The RTÉ legend is set to follow in the footsteps of Tupac, Michael Jackson and the cast of Star Trek when they do that ‘beam me up Scotty’ thing by having his own hologram breathe new life into his bodily form.
RTÉ have made an effort to be at the forefront of the future of broadcasting and entertainment with this latest venture, rumoured to have cost the broadcaster as much as €1 million to produce.
“Gay is approaching his 99th birthday and we really can’t force him to keep presenting, it’s time we return his family safely to him and end this tense standoff,” an RTÉ insider admitted.
“Holograms are the future in much the same way the hover board, the yo-yo and the CD are. We can’t afford to rest on our laurels here and we’re delighted to be pushing the envelope,” producer Aidan Collins added.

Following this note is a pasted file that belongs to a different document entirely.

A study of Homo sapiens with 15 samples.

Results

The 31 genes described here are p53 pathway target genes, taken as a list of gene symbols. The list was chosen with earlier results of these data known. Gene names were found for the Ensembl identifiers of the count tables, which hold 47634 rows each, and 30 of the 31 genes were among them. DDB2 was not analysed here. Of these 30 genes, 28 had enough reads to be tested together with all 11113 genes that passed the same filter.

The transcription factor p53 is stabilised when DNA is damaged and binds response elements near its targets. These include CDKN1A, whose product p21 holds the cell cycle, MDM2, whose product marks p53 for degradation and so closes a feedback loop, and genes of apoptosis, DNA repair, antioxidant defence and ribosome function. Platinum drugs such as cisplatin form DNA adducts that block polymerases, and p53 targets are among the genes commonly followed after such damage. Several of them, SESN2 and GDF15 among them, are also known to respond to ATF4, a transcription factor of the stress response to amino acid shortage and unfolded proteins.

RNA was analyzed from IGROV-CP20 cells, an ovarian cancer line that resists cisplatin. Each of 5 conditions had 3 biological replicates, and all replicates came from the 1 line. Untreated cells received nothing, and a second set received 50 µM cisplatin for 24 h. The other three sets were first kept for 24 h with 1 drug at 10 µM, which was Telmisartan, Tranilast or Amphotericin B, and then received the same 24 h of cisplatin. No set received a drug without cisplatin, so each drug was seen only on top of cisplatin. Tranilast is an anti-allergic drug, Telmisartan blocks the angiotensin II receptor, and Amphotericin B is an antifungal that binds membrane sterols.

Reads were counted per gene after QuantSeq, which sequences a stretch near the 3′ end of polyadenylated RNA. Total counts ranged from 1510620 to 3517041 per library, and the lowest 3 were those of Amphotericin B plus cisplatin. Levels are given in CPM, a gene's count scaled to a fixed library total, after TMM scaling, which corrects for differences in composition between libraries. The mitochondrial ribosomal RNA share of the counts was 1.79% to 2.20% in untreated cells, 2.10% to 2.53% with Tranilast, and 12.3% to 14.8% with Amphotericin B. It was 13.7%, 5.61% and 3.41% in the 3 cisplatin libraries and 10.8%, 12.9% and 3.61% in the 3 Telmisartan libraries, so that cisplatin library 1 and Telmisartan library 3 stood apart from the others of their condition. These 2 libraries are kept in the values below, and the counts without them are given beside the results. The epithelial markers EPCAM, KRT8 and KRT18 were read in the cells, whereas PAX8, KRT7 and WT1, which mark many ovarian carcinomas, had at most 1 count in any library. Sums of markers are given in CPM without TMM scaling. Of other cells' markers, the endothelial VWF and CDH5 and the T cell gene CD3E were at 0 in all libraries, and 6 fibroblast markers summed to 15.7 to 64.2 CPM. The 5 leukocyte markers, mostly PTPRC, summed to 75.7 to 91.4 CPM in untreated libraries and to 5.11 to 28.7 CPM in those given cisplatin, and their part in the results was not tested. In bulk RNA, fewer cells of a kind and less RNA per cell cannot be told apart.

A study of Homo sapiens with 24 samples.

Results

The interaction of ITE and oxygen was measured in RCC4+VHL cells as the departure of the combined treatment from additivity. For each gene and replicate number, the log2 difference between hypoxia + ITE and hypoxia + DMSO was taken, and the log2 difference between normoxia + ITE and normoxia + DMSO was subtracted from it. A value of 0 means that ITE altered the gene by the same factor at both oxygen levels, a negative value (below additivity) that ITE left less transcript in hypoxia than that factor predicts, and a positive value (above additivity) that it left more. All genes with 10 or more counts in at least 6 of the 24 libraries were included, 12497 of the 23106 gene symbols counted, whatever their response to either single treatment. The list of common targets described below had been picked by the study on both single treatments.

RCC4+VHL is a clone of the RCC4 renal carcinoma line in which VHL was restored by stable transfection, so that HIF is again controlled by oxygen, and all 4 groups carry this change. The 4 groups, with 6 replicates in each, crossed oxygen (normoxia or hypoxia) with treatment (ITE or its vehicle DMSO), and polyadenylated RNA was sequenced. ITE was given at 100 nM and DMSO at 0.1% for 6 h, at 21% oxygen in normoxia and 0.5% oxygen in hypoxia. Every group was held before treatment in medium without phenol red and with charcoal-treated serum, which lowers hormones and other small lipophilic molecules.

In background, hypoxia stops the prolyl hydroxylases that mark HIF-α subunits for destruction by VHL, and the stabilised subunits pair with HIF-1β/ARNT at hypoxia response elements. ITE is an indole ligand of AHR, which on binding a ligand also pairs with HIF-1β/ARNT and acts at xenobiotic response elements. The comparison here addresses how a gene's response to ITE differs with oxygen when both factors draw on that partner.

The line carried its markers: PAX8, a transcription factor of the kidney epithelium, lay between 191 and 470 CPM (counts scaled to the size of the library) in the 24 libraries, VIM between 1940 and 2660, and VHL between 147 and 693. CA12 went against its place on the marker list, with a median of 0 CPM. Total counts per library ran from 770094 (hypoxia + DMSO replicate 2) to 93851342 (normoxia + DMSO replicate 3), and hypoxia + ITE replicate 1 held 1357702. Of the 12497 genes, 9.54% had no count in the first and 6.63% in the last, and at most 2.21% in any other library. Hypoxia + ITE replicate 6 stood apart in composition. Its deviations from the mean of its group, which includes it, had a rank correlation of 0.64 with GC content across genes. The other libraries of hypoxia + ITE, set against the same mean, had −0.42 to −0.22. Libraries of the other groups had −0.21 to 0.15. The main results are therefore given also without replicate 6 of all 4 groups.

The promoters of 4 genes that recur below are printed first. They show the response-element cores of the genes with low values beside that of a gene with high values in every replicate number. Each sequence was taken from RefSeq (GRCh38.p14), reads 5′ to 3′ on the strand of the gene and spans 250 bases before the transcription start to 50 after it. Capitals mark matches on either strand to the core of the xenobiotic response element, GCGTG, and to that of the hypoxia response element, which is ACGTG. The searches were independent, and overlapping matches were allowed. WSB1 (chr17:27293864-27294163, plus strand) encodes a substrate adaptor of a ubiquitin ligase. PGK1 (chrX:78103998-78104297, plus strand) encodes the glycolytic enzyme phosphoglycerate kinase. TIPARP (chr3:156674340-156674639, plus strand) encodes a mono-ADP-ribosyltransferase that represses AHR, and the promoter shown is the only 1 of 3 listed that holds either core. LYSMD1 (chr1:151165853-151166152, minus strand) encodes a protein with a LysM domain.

Gay Byrne’s Top 1000 Irish Churches will see the presenter or rather his hologram venture across Ireland appraising an array of simply marvellous religious structures starting with Ballyblaney in Clare.
“It’s a church close to my heart,” the flickering hologram admitted, “built in 1998 by the masterful hands and vision of Ganley Construction, it is our Sistine Chapel,” added the ghostly hologram.
The Donnybrook based TV station has not ruled out further technical innovations in the future. “I wouldn’t want to seem silly and predict some nonsense, but yes, we will have a 3D Daithi O Sé flirting awkwardly with your Mother in every Irish sitting room in time for this year’s Rose of Tralee,” Collins explained.
For now though it seems RTÉ’s focus remains on the fascinating progress made with the Gay Byrne hologram.
“Well, obviously we’ll use the holograms to present almost everything by 2019. They will have the work ethic of 2.5 Miriam O’Callaghans. We used a previously unsuccessful model whose visual interface was defective, it was ultimately sold to Newstalk.”